Years ago, I found myself nervously making my debut at an open mic evening in a Chislehurst pub. If you're not careful, you could find yourself in a similar situation.
I hadn’t meant to do it. I’d been playing the guitar since my teens but in my forties, I decided I’d try to figure out if my singing was as dreadful as I feared. Perhaps I wanted to find a teacher who would confirm my suspicions, so I could focus solely on playing. The rejection I faced when denied entry into the school choir at the age of nine had left me scarred. I had been told I couldn't sing.
Luckily, I found an encouraging vocal coach who insisted I had enough about me to carry a tune. After several lessons he encouraged me to perform in public. He assured me there was nothing to fear and that applause was a reward for the hours spent practicing. I was terrified. What if there was no applause? What if there was abuse…, or missiles? Then my wife informed about an open mic evening she had seen advertised. Suddenly, it became my fate.
I needn’t have worried. There are few environments as supportive as an open mic night. Local pubs around Bromley, Orpington and Kent host these evenings to liven up the weeknights and boost business. The audience, mainly composed of fellow performers and their supporters, embraces the unwritten rule of applauding each other. Even if a song doesn't resonate with everyone, the crowd politely listens and shows appreciation when performance concludes. Before too long, I began to recognise familiar faces. Many of the players collaborate, often spontaneously.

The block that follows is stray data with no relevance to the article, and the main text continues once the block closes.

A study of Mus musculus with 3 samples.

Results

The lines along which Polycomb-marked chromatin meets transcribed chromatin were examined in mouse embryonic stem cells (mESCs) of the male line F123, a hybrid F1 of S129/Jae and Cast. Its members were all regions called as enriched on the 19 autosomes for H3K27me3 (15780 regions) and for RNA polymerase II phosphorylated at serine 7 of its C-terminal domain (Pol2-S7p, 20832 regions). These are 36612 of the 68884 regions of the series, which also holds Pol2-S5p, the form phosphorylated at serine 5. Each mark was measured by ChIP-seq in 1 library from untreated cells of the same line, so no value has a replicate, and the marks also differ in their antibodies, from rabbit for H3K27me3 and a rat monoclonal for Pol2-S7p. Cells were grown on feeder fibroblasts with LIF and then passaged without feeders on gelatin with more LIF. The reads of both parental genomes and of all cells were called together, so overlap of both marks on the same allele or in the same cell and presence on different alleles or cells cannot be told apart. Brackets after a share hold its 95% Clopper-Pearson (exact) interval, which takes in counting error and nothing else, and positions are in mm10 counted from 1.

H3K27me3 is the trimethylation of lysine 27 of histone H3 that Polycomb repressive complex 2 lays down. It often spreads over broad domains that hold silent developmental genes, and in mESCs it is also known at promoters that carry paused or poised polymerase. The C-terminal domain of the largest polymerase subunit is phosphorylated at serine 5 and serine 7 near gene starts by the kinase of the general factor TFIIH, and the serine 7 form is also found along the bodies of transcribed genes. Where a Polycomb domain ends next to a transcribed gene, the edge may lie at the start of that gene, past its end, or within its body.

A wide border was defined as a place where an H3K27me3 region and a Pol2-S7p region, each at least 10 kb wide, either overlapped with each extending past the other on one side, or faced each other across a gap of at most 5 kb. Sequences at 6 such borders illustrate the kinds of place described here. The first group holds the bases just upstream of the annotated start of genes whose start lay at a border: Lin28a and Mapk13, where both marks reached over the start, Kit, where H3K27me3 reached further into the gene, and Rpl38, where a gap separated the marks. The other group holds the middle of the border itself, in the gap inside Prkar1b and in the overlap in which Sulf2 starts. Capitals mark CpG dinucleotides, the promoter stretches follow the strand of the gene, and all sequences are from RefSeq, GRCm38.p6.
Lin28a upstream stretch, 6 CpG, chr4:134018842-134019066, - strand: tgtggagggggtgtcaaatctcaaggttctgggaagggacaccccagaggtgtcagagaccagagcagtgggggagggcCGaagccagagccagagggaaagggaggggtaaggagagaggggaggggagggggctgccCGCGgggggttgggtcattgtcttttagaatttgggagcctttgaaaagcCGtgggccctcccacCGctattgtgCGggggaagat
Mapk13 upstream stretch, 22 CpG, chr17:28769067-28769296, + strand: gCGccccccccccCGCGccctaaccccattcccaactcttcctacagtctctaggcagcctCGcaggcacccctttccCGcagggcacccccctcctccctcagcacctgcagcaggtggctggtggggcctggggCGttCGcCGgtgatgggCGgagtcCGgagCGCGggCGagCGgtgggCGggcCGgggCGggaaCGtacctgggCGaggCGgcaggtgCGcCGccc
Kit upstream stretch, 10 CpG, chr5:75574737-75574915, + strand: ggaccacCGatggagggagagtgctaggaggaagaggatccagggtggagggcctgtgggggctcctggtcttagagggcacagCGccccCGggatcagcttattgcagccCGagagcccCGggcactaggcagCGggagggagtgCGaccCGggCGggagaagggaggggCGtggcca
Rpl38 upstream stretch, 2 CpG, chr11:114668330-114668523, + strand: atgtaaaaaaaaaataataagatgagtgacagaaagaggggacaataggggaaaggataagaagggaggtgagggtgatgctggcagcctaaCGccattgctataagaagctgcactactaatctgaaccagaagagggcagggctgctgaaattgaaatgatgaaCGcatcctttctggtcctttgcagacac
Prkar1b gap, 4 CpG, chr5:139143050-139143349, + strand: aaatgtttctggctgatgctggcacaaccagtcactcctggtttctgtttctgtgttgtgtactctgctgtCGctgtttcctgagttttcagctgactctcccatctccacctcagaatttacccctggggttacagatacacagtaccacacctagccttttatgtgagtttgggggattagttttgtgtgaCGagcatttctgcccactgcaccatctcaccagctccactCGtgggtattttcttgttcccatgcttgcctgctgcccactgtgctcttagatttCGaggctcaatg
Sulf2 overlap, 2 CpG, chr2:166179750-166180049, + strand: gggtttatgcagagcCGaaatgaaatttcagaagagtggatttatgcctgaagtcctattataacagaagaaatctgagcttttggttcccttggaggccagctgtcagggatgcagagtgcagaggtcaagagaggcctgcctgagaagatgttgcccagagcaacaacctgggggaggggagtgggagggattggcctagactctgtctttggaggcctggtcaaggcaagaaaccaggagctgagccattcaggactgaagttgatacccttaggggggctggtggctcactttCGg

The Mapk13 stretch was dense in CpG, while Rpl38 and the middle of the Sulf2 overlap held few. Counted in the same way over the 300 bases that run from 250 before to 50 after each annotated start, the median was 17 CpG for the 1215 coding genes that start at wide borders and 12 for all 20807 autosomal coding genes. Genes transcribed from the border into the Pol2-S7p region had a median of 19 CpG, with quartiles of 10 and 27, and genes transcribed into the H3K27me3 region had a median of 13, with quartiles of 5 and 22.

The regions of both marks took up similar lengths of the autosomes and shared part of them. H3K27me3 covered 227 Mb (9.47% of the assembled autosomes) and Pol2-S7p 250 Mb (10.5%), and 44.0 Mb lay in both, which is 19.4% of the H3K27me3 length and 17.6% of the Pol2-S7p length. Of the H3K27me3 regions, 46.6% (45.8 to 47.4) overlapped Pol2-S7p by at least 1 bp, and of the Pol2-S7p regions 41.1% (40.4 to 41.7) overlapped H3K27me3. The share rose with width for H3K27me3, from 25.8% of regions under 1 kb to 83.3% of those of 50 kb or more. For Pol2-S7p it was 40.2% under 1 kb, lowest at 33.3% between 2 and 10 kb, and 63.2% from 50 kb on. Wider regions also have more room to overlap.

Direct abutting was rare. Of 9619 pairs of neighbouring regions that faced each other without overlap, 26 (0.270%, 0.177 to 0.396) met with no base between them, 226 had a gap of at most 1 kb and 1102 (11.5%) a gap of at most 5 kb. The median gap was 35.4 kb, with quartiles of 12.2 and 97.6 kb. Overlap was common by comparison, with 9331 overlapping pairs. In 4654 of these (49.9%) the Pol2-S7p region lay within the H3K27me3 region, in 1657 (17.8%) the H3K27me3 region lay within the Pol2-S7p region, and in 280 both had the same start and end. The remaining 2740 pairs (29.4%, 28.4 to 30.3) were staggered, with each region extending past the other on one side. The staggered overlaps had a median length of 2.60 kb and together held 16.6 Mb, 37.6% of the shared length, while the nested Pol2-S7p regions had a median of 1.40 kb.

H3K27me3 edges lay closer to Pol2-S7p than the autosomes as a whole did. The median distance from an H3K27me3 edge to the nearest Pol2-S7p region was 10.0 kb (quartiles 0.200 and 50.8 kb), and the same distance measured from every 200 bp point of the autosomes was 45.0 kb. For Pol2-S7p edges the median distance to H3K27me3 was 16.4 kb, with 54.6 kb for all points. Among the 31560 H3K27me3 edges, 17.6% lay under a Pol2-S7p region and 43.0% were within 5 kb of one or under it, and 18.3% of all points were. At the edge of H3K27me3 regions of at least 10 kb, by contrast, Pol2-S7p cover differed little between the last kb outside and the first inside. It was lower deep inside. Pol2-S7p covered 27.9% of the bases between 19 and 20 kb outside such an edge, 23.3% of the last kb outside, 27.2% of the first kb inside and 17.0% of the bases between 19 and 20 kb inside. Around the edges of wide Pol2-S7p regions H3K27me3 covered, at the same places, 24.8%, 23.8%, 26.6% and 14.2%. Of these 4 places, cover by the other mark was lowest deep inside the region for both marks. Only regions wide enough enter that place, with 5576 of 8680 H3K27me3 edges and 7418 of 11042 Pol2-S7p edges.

Unfortunately, I no longer have much time to perform at open mics. I find fulfilment in teaching the next generation of guitarists, singer-songwriters, and accompanists. There's a certain thrill in composing your own tune, performing it for others, and receiving applause for your efforts. It's easy to dream of playing for larger crowds, like Wembley Stadium, for example.
In a few months, I could have you up on that stage. I can show you how to arrange chords to write verses and choruses.
However, I can't teach you how to sing. For that, you'll need to find someone else.
There’s a postscript to this story. My former singing teacher left the country. Not because of me – we became great friends - but because he now teaches in Dubai. This summer he’s marrying a fantastic woman who’s a brilliant cellist. He asked me if I can bring a guitar along to entertain a crowd over the wedding weekend. I can’t believe he wants to hear me singing again but it’s a genuine honour.
I love spending time with musicians and fellow guitar enthusiasts. I would be delighted to help you join the club. So, if you're interested in turning your midlife crisis into a musical one and need someone to guide you in getting started, don't hesitate to get in touch today!